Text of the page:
Reporter Becky Johnson’s April 13 story in this newspaper about a recent brainstorming session held by Waynesville’s elected officials revealed that town leaders have several refreshingly progressive ideas about possible future projects and budgetary priorities.

The nothing-is-off-the-table exchange of wish-list items came during the town’s annual retreat, held April 6. For those unfamiliar with the vagaries of local governance, retreats are designed to give board members an opportunity to set aside day-to-day business concerns and forgo the routine matters of regularly scheduled meetings to take a big-picture, long-term, 30,000-foot view.

The less-formal nature of a retreat allows officials to think strategically, not just tactically, about issues and to ruminate — even daydream — about “what ifs.”

So what if the reality check of insufficient funds in the municipal checkbook means it may be years before any of those pie-in-the-sky projects see the light of day — if they ever do? There’s nothing wrong with unconventional, creative thinking when it comes to improving local government and the lives of the people it serves.

Some might argue that, as someone who lives just outside of town limits, I have no vested interest in the dealings of municipal government and that, unlike Michael Vick, I don’t have a dog in the fight.

But I am a resident of the town’s extraterritorial jurisdiction in an area previously eyed for annexation, so, yeah, board activities do matter. Plus, the wise stewardship of our county’s seat should be of interest to any Haywood-ite.

This leads to topics discussed at the retreat. While there was some conversation about the need for much-deserved salary increases for town employees and a new fire station for Hazelwood, the five-hour session included talk beyond staff and brick-and-mortar stuff.

Alderman Chuck Dickson called for town leadership to take a more proactive role in addressing the affordable housing issue, perhaps hosting a summit of community partners to develop solutions to a crisis that is pricing many out of the possibility of home ownership.

Although not a board member, I second that motion, and suggest that local leaders partner with community development offices and experts across the region.

Take it from this parent of two young adults looking to buy or rent in today’s overheated market — this is not just a Waynesville issue; it’s a serious Western North Carolina problem.

Alderman Jon Feichter, longtime advocate for alternative energy and keeping Waynesville on target to meet state energy goals, lobbied for installing solar panels on municipal buildings, including taking advantage of the large swath of roof atop the recreation center.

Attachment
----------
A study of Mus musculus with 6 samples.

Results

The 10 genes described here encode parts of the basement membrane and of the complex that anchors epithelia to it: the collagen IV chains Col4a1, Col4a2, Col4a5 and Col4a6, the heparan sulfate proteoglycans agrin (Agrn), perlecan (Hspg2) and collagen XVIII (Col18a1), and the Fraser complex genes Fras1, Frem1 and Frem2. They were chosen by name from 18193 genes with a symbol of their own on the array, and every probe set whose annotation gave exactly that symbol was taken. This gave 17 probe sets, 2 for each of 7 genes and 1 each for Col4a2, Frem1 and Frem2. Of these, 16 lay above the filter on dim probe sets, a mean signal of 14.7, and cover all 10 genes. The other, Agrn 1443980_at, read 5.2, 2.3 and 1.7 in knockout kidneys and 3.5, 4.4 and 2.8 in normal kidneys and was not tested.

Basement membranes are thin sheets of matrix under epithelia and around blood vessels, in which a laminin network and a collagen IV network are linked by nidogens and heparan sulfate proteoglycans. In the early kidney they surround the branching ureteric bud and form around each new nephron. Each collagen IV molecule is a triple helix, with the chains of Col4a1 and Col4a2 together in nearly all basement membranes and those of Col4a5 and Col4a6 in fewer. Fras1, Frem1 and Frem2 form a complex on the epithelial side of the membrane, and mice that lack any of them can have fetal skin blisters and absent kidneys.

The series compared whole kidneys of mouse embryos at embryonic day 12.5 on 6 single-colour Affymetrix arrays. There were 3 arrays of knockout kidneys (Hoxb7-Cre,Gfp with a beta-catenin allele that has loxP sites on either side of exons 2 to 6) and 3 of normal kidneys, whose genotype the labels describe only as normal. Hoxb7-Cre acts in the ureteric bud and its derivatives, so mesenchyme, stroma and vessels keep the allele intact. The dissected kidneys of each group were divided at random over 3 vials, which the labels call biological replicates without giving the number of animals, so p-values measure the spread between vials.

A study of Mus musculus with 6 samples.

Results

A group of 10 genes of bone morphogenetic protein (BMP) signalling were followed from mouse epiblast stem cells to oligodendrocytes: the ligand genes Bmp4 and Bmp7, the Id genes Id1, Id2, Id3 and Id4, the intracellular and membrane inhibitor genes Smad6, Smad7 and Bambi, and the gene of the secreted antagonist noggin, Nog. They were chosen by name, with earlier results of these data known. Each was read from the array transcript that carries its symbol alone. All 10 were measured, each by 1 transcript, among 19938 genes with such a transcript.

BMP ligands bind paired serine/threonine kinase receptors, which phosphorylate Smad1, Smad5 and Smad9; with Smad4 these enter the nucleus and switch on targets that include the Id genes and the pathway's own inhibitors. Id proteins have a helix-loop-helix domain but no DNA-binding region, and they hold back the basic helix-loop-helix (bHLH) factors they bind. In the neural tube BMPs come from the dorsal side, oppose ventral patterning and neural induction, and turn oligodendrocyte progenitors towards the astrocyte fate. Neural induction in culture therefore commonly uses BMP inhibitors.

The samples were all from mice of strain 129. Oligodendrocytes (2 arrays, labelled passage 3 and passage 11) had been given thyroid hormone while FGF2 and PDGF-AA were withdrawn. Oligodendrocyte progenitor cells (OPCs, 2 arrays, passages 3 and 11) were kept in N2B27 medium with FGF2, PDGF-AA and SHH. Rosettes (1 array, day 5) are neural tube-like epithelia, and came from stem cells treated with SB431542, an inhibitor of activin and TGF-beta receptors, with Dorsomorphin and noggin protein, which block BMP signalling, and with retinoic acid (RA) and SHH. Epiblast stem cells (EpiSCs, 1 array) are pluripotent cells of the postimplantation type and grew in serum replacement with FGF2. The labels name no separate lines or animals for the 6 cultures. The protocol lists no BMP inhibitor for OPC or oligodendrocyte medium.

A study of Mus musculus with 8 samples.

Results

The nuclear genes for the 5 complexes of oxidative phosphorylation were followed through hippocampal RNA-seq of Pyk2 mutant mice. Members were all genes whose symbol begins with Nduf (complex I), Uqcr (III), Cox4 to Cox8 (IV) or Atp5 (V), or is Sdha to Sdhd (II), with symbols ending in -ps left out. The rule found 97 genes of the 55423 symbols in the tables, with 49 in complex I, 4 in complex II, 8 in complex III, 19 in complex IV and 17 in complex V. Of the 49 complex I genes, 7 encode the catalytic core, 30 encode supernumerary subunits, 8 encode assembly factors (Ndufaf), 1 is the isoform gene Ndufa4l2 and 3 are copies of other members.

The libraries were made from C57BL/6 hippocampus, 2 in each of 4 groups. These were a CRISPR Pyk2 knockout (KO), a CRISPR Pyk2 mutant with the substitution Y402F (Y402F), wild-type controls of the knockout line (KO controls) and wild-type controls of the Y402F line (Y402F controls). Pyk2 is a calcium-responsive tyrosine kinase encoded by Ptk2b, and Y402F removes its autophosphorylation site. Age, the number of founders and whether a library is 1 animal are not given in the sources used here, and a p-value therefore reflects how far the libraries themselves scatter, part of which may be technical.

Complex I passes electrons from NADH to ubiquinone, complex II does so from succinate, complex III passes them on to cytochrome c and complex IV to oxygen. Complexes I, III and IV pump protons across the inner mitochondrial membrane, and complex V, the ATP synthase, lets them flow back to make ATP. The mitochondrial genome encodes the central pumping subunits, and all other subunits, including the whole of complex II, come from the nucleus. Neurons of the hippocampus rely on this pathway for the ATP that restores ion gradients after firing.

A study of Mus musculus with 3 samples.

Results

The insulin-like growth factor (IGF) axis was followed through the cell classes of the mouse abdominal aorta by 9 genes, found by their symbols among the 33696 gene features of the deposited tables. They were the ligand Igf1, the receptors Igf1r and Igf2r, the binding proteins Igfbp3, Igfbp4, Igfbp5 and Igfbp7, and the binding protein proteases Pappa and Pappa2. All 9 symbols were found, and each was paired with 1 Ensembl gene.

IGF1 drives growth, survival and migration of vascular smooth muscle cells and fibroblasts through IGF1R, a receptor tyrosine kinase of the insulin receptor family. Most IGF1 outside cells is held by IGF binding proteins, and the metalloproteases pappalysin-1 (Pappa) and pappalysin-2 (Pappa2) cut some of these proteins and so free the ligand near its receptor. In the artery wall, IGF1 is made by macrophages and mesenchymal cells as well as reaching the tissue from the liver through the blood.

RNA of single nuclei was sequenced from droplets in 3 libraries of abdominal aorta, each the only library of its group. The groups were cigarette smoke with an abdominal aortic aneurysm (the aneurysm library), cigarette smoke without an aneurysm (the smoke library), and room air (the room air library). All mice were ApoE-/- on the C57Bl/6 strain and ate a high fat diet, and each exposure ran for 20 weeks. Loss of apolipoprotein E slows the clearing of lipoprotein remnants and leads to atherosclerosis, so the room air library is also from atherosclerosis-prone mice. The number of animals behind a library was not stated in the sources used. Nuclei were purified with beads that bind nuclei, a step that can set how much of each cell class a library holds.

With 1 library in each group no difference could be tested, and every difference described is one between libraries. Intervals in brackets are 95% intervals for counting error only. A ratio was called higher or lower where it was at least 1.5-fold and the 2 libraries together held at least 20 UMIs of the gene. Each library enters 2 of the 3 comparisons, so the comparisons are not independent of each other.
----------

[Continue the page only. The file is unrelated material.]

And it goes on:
I second that motion as well, concurring with Feichter’s assessment that the initial costs of going solar would be more than balanced by savings over the long haul. Plus, it would send a signal to alternative energy naysayers that town government is taking this issue seriously.

Other ideas that would be seconded by your friendly neighborhood columnist if he were alderman-for-a-day include Anthony Sutton’s suggestion that the town focus its efforts on hiring an increasingly diverse municipal workforce. This would reflect an increasingly diverse population, including more people of color and members of the LGBTQ community.

Alderwoman Julie Freeman advocated for increased resources for the police department, including higher salaries, improved training and an armored vehicle. While I agree better pay and enhanced education are desperately needed in this era of distrust of police, I’m not so sure about adding to the trend of militarizing local law enforcement. That’s not to say it’s a firm “no” from me; it’s just to say it warrants additional study.

Finally, Mayor Gary Caldwell put forward several ideas to enhance Waynesville’s Main Street and downtown including a gazebo for public events and the addition of sidewalk bump-outs for increased outdoor dining opportunities.

I second that motion and offer an amendment: Waynesville should explore making Main Street through downtown a one-way road, which would create even more opportunity for outdoor dining and an enhanced experience for pedestrians. This would necessitate the shifting of one direction of traffic to either Wall or Miller streets, along with the involvement of DOT.

Transitioning portions of Main Street to a one-way thoroughfare would take some doing, but it seems doable. After all, the downtowns of nearby Sylva and Hendersonville, which both feature unidirectional traffic flows, are thriving.

This amendment is posed as food for thought for Waynesville officials. And, as my tenure of alderman-for-a-day comes to a conclusion, I close with this observation: It’s nice to see municipal leaders living up to the town’s longstanding motto “Progress with Vision.”

Bill Studenc, who began his career in journalism and communications at The Mountaineer in 1983, retired in January 2021 as chief communications officer at Western Carolina University. He now writes about life in the mountains of Western North Carolina.